I’m not wasting any time on warm and fuzzy. Let’s get straight to work.
We’ll begin today with the most difficult skill to learn.
The skill probably most important to your success.
Try some guesses as to which of the following abilities ranks first:
How well you service clients?
Can you speak with confidence?
Do you know how to close a sale?
Can you think quickly on your feet?
Do you have more contacts than anyone else?
In my opinion, and feel free to disagree or add your own, one outweighs them all.
And I’m not just talking about your success as a professional or in business, but your future as a significant other, as a friend, and as a parent.
It’s your ability to listen. That is going to outweigh and influence all your other skills.
Sounds pretty easy. Someone else is speaking and you wait your turn. Then you respond. Except life doesn’t work that way.
Maybe you’re having an argument and what you have to say is more important. So you interrupt.
Maybe you are formulating the response to an argument while the other person is speaking. Does that ever happen to you? It sure does to me.
Maybe you’re thinking about ten other things you need to be doing while the other person is speaking?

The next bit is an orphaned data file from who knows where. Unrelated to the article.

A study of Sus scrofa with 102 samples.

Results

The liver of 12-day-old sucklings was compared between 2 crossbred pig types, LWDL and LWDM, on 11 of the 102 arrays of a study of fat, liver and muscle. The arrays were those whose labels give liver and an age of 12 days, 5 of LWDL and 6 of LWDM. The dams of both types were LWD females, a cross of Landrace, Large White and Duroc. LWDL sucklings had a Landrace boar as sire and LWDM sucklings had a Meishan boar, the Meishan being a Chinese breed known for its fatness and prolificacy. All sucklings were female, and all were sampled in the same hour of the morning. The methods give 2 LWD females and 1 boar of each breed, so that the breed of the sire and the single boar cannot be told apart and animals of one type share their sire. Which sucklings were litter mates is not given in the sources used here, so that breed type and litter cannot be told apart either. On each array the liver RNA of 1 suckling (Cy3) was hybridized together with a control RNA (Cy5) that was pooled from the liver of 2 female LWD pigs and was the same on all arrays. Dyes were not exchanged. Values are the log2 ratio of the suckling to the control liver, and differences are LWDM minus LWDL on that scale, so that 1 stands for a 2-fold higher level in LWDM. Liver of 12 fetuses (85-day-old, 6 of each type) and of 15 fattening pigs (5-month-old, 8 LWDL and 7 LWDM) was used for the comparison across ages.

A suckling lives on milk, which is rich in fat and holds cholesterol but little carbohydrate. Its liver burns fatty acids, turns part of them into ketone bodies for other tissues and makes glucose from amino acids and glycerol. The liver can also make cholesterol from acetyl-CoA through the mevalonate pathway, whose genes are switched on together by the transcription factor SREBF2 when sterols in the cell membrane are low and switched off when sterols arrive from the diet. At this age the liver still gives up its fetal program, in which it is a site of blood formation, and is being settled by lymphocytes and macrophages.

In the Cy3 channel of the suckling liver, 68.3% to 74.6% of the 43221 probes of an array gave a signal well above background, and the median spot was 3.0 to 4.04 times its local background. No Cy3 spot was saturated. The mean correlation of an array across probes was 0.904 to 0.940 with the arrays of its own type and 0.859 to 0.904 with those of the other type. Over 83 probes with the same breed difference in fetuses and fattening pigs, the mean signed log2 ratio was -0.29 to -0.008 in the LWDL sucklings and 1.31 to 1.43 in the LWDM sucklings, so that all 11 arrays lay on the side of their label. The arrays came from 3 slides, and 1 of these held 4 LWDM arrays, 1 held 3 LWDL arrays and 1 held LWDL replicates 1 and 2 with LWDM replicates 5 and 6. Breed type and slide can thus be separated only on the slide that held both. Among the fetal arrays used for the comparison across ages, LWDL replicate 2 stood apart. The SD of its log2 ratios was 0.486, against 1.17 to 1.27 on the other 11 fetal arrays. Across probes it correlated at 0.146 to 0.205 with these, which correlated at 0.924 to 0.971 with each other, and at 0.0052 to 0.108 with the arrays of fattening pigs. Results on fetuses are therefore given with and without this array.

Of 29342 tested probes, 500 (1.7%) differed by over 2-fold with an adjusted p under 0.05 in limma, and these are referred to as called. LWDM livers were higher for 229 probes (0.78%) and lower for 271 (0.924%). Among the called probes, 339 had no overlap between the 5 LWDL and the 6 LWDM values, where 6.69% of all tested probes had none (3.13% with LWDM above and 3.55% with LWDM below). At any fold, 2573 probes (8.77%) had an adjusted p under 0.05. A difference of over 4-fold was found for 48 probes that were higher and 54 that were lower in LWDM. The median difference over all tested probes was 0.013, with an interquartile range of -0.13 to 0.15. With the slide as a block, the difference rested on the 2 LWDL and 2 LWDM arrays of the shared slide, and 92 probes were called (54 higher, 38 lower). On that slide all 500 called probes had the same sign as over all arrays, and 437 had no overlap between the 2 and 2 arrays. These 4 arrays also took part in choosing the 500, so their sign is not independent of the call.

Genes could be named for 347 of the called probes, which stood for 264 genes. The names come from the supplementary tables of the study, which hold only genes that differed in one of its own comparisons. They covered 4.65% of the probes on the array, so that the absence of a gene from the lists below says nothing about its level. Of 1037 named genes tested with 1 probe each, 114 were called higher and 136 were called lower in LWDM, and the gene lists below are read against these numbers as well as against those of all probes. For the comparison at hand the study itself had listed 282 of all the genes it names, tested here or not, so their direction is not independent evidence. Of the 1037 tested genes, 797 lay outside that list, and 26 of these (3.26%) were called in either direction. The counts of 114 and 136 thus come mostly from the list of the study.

Or the world champ response: “I’m great at multitasking. I can listen and read at the same time. I can work and listen at the same time. I can listen to the podcast while checking my emails.” We’ll deal with the science of multitasking tomorrow, but for now I’ll end this paragraph with what I’ve learned in my own research.
I can’t so anything else and try to listen. Very quickly the words fly by my ears but are not absorbed by my brain, which is wired to do one thing at a time.
But here is the key for today. None of the rainmaking skills I outlined above can be developed if you do not develop the ability to listen. When it comes to relationships and understanding clients or friends, the most important skill you can develop, is the ability to keep your mouth shut, unless you are asking the next question, in response to what you’ve just heard.
Who is the most important person in your client’s life? It most certainly isn’t you. But the way your client ( or significant other) will believe that they are the most important person in your life is dependant on your ability to listen to their problems, before responding or trying to figure out the solution.
It’s hard for many and I include myself in that bunch. If you have any great approaches to listening, pleas share them
In our rush to respond and play problem solver, or “smartest person in the room” we have the tendency to shut down our listening. Rather than teasing out an entire problem or allowing our client to formulate their own solutions by talking the problem through in its entirety, we rush to solve.
If you’re a litigator in front of a judge what kind of listening issues have you experienced? Positive and negative.